Tasmania’s magnificent forests are a showplace of biodiversity and natural beauty that produce world-class renewable timbers.

Almost half of the island, over 3 million hectares, is covered by forests which range from Australia’s largest tract of cool temperate rainforest to dry sclerophyll woodlands. These include extensive stands of native hardwood, dominated by more than 30 species of eucalypts.

The forests are also home to unique, highly prized specialty timbers, such as Huon Pine, Myrtle, Blackwood and Sassafras. These are crafted into contemporary furniture, delicate musical instruments, traditional wooden boats, and other artisan objects that are valued worldwide.

Today, 52 per cent of Tasmania’s forests are protected in reserves. This includes more than 1.2 million hectares, or 87 per cent, of old growth forests.

Forestry is currently undergoing a resurgence. After years of downturn, following divisive conflicts and the final collapse in 2012 of timber giant Gunns, optimism has now returned, and investment is flowing once more.

Heading this upsurge is the Hermal Group that is building Australia’s biggest hardwood mill near Burnie at a cost $190 million. Forico also plans significant investment with a $130 million wood pellet factory planned for the Tamar Valley. And, since it took over the Bell Bay mill in 2013, Timberlink has  invested $15 million to double output.

Higher timber prices are also fuelling increased production volumes. In 2016-17 Tasmania’s forests produced 5.3 million cubic metres of wood fibre, a 20 per cent increase on the previous year.

Amongst all this, we are seeing the emergence of a ‘new forestry’ as the industry re-invents itself.

Sustainability is the focus, with private plantations now accounting for more than half of Tasmania’s wood harvest. The state has about 310,000 hectares of plantation timber forest, a quarter of which is renewable softwood pine. Certified plantation pine is fast-growing, cost-effective, and versatile with applications ranging from structural framing to decorative and industrial products.

‘New forestry’ also embraces innovation. Ground-breaking products, such as Hydrowood –  ancient trees salvaged from the deep waters of Tasmania’s man-made dams – set new benchmarks. The Launceston based National Institute for Forests Product Innovation is leading the way with research.

Tasmania’s beautiful timbers are also being seen in a new light.

Craftsmen, designers and architects are promoting them as exclusive niche products. One example is the striking wooden camp on the Wukalina Walk, with huts lined in a veneer replicating bark, which is garnering international accolades.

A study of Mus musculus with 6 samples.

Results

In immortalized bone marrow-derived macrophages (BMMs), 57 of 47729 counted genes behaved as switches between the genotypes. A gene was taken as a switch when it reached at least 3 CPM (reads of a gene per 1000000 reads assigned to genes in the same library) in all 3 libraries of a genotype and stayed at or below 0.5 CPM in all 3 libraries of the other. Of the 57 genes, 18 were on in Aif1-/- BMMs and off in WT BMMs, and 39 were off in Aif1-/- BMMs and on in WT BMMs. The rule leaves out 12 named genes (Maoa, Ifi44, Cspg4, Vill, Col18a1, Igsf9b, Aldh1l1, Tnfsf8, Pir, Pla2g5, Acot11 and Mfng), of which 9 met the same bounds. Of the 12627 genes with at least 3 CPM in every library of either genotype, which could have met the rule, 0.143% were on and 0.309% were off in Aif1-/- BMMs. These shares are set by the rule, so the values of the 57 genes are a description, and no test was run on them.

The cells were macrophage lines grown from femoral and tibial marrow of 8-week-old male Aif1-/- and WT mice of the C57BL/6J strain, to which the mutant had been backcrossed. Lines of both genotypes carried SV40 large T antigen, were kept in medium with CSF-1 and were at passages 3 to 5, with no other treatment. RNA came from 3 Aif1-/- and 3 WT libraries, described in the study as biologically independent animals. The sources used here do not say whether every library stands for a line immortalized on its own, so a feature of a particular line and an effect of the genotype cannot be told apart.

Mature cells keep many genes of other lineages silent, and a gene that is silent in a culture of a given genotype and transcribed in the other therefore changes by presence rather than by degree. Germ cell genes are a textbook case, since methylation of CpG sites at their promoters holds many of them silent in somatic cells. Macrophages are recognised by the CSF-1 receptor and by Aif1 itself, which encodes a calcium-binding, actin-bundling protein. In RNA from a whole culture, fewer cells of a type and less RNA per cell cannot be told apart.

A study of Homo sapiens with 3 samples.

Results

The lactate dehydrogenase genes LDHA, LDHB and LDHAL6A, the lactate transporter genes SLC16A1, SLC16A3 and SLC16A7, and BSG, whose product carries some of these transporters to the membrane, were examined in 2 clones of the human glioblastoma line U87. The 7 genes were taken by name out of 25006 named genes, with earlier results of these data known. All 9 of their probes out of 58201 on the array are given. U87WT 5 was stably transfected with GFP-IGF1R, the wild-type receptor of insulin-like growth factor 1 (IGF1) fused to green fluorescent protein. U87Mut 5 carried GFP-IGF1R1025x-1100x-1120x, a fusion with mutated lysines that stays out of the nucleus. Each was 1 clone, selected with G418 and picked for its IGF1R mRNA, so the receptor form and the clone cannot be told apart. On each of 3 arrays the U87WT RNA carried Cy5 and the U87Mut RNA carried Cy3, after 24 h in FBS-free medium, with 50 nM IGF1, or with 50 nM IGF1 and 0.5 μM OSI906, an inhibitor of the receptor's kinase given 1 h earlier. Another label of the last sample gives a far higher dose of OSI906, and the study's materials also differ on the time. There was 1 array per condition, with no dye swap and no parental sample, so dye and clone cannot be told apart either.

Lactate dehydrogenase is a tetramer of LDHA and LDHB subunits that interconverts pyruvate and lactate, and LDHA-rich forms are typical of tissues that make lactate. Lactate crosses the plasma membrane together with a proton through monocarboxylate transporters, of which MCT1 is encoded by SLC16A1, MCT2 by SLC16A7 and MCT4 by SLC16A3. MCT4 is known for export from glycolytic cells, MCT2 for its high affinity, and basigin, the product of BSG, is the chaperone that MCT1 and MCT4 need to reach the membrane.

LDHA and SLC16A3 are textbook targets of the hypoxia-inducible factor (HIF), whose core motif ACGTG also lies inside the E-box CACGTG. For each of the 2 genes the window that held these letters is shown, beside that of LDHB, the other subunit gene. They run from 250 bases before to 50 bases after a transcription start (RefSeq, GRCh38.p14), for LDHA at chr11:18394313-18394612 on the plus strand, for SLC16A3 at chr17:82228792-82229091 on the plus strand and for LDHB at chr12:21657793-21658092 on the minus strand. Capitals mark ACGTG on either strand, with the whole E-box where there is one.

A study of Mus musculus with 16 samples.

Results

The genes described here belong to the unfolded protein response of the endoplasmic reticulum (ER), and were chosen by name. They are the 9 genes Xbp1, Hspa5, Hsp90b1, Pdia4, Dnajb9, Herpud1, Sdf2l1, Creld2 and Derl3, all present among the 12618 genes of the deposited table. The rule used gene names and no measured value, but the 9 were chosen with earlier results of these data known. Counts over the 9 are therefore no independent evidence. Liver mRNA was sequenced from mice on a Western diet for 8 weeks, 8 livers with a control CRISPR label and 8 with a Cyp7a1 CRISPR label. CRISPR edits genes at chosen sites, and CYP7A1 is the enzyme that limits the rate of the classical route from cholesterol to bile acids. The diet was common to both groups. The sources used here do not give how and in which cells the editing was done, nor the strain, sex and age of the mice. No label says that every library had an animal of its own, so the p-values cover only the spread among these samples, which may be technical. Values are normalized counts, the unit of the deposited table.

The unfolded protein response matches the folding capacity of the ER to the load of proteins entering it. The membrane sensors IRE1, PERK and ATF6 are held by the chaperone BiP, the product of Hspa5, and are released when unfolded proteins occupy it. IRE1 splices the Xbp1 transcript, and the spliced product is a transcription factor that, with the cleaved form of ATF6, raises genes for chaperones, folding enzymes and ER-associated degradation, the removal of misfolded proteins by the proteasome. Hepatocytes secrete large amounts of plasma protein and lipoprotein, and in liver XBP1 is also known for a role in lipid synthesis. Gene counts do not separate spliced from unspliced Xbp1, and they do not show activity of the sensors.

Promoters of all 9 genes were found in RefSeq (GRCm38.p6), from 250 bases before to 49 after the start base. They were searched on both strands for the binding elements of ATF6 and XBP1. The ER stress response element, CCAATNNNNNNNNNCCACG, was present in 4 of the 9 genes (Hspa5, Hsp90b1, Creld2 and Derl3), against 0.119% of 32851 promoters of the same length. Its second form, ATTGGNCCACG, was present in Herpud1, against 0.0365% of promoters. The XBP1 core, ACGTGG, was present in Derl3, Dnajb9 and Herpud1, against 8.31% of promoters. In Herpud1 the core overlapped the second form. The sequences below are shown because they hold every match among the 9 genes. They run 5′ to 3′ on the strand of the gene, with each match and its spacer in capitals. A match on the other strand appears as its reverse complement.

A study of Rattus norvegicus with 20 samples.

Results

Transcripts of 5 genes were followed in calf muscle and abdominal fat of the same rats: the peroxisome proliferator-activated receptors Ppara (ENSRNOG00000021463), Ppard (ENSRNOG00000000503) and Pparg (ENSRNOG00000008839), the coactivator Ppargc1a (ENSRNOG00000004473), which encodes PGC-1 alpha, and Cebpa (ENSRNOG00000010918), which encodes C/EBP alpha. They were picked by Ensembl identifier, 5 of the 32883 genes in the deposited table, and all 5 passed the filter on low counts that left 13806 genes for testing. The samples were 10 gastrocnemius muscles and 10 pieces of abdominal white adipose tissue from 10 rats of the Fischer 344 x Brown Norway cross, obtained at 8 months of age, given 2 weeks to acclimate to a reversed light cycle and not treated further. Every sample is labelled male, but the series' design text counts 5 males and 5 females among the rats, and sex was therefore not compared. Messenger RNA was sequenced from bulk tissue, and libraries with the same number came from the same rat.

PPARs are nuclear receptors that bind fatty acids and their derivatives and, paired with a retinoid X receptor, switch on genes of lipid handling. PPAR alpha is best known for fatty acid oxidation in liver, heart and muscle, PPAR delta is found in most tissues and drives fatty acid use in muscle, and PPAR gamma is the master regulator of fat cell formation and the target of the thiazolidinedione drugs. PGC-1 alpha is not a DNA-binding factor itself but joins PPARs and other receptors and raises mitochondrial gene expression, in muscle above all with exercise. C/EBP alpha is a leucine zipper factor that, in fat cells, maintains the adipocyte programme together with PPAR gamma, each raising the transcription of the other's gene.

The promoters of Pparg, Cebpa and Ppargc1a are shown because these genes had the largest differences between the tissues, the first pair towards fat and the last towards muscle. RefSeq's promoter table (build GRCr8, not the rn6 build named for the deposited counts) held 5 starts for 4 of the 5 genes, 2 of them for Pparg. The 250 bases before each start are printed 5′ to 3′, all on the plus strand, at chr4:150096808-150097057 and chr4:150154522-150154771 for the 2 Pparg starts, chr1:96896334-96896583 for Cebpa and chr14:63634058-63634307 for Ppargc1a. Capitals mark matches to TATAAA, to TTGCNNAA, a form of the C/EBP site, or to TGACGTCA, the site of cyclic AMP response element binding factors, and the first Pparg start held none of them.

The island state has 800,000 hectares of public production forest which is harvested for high quality sawlogs, veneer logs, and peeler logs. These forests are managed by Sustainable Timber Tasmania, formerly Forestry Tasmania, which also focuses on social and environmental values.

The Tasmanian Government is committed to sustainable forestry; and in 2017 it showed the way of the future, by adopting Australia’s first ‘wood-first policy’ which encourages new building construction out of responsibly sourced timber.

Forestry and beautiful timbers are entwined in Tasmania’s history and will continue to influence the way many people think about the State of islands for years to come.

Facts and figures

  • Tasmania contains Australia’s largest tracts of cool temperate rainforest, with 82 per cent protected in reserves. Species-rich rainforest generally grows in areas receiving over 1,200mm of rain a year, but some isolated patches occur in much drier areas.
  • The Wooden Boat Centre south of Hobart teaches traditional skills in the use of the native timbers that made Tasmanian ships eagerly sought after for centuries.
  • The Tahune Airwalk enables visitors to walk 45m above the ground through the canopy of a mixed-use forest near the confluence of the Huon and Picton rivers south of Hobart.
  • Tasmanian companies produce laminated timber beams and use them in engineering timber structures such as dome roofs, church roofs, footbridges, marinas, factory kits and house kits.
  • The Tarkine Wilderness Experience, in 600ha of moist blackwood forest near Smithton, features boardwalks through a giant sinkhole where visitors can explore a fertile, self-regenerating swamp without getting their feet wet. There is a slide for the adventurous and many intriguing artworks.